Wednesday, January 23, 2013
2. The Sour Lemon Score by Richard Stark
I always used to think of The Sour Lemon Score as one of the more archetypical Parker books. It has the classic structure of heist gone wrong and Parker dealing with the aftermath. It has no links to any of the cross-book storylines. Finally, it has The something something Score title. On this, my third go-through of the series, I am more of the mind that there are no archetypical Parker books. Each one has its own flavour and style that make it unique. Upon this re-read, I have learned that while the beginning follows close to what might be considered the Parker formula, it quickly becomes a very different book. The majority of the storyline is devoted to a double manhunt with a lot of investigation: Parker trying to find the dude who betrayed the heist while that dude hunts Parker down to eliminate the last betrayee.
Things get complicated, of course and Parker interacts with a wide range of individuals that keep the book interesting. For me, I find The Sour Lemon Score a bit dissatisfying. It's not that it isn't a good book. It has the usual rich and fun writing ("Uhl was still as docile as a lobotomized monk"), a couple of neat dips into the straight end of the pool (it's always interesting when Parker enters into the non-criminal world) and a surprisingly deep look into the character of Parker himself and his ethical limits. It's just that it starts off with such a bang with the heist and then the awesome action of the betrayal (Parker jumping out of the barn window one bullet ahead of his life is just so excellent) that I get all revved up. I'm so fucking angry with George Uhl and I want Parker to find him and punish him. The rest of the book holds that tension but adds complexity to it so that it becomes harder and harder to release it. By the end, when Parker makes the moral choice that he does, you realize that you aren't going to get that simple satisfaction and it's a bit of a letdown.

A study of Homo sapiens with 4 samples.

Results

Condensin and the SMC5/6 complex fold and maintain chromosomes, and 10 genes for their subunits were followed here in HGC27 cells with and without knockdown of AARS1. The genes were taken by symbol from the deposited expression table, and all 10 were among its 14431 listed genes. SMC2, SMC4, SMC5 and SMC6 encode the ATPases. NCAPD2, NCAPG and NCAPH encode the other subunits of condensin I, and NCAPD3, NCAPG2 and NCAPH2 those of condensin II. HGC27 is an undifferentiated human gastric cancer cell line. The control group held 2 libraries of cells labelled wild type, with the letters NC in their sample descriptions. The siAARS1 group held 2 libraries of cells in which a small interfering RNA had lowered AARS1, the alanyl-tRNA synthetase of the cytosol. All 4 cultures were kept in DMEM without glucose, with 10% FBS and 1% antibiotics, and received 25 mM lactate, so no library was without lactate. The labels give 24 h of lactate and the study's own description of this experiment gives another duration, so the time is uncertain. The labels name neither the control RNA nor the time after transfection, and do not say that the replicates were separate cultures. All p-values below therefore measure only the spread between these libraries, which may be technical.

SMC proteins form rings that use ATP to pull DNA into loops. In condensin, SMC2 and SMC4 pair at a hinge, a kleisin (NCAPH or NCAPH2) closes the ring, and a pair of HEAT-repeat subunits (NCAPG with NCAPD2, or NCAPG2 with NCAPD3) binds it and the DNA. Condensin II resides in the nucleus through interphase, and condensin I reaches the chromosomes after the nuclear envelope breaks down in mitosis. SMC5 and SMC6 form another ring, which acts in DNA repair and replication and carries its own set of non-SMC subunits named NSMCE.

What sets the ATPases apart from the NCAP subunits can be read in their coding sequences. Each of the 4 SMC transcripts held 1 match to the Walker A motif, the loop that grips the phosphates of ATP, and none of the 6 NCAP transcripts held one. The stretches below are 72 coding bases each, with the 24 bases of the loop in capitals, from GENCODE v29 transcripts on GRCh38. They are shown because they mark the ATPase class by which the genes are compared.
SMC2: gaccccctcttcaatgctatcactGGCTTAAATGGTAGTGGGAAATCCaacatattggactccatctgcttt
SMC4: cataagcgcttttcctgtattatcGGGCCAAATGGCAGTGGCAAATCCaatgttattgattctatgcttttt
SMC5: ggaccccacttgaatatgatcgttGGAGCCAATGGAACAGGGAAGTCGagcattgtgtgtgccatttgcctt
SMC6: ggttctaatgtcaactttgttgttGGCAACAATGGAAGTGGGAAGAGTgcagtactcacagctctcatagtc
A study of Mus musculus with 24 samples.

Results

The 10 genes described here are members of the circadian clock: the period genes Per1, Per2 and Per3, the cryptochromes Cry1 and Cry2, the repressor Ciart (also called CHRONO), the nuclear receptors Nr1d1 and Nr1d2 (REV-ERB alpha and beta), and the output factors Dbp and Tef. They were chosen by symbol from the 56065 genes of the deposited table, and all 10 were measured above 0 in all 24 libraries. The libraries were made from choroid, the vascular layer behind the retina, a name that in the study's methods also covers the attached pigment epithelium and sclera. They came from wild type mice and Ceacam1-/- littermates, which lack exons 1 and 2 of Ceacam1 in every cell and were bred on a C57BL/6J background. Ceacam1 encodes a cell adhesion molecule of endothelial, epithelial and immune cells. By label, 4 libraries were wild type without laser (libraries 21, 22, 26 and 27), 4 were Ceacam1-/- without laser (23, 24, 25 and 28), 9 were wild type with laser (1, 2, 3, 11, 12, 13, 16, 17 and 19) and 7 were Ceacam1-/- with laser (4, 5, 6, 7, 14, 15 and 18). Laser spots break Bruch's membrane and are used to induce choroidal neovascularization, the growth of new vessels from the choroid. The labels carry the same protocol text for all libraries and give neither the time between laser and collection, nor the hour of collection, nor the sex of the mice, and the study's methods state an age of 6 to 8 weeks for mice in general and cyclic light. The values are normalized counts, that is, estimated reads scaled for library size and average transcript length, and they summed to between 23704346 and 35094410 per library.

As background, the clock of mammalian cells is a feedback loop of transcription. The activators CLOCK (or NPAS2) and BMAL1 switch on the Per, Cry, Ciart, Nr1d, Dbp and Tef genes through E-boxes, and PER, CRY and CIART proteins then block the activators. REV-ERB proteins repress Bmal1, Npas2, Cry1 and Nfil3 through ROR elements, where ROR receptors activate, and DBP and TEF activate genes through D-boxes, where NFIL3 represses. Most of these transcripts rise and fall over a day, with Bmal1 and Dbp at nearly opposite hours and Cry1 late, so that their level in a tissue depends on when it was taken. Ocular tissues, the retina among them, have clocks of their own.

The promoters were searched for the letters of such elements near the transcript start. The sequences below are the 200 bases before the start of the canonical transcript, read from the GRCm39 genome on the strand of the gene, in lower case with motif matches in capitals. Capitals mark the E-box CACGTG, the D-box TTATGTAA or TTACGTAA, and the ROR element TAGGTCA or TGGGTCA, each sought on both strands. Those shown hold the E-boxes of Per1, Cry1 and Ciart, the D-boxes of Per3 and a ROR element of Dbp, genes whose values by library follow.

Thinking about it, I realize that the book could be read as Parker's failure. He ends up with no cash in a lot of them, but somehow it feels like he tries really hard and is constantly questioning himself as he is doing so. He ends up with nothing and in a position where he has to make what is perhaps the less efficient moral decision. It's kind of depressing. Yet it still adheres to Parker's realism and cold objectivity regarding life and himself. He knows it as much as the reader does.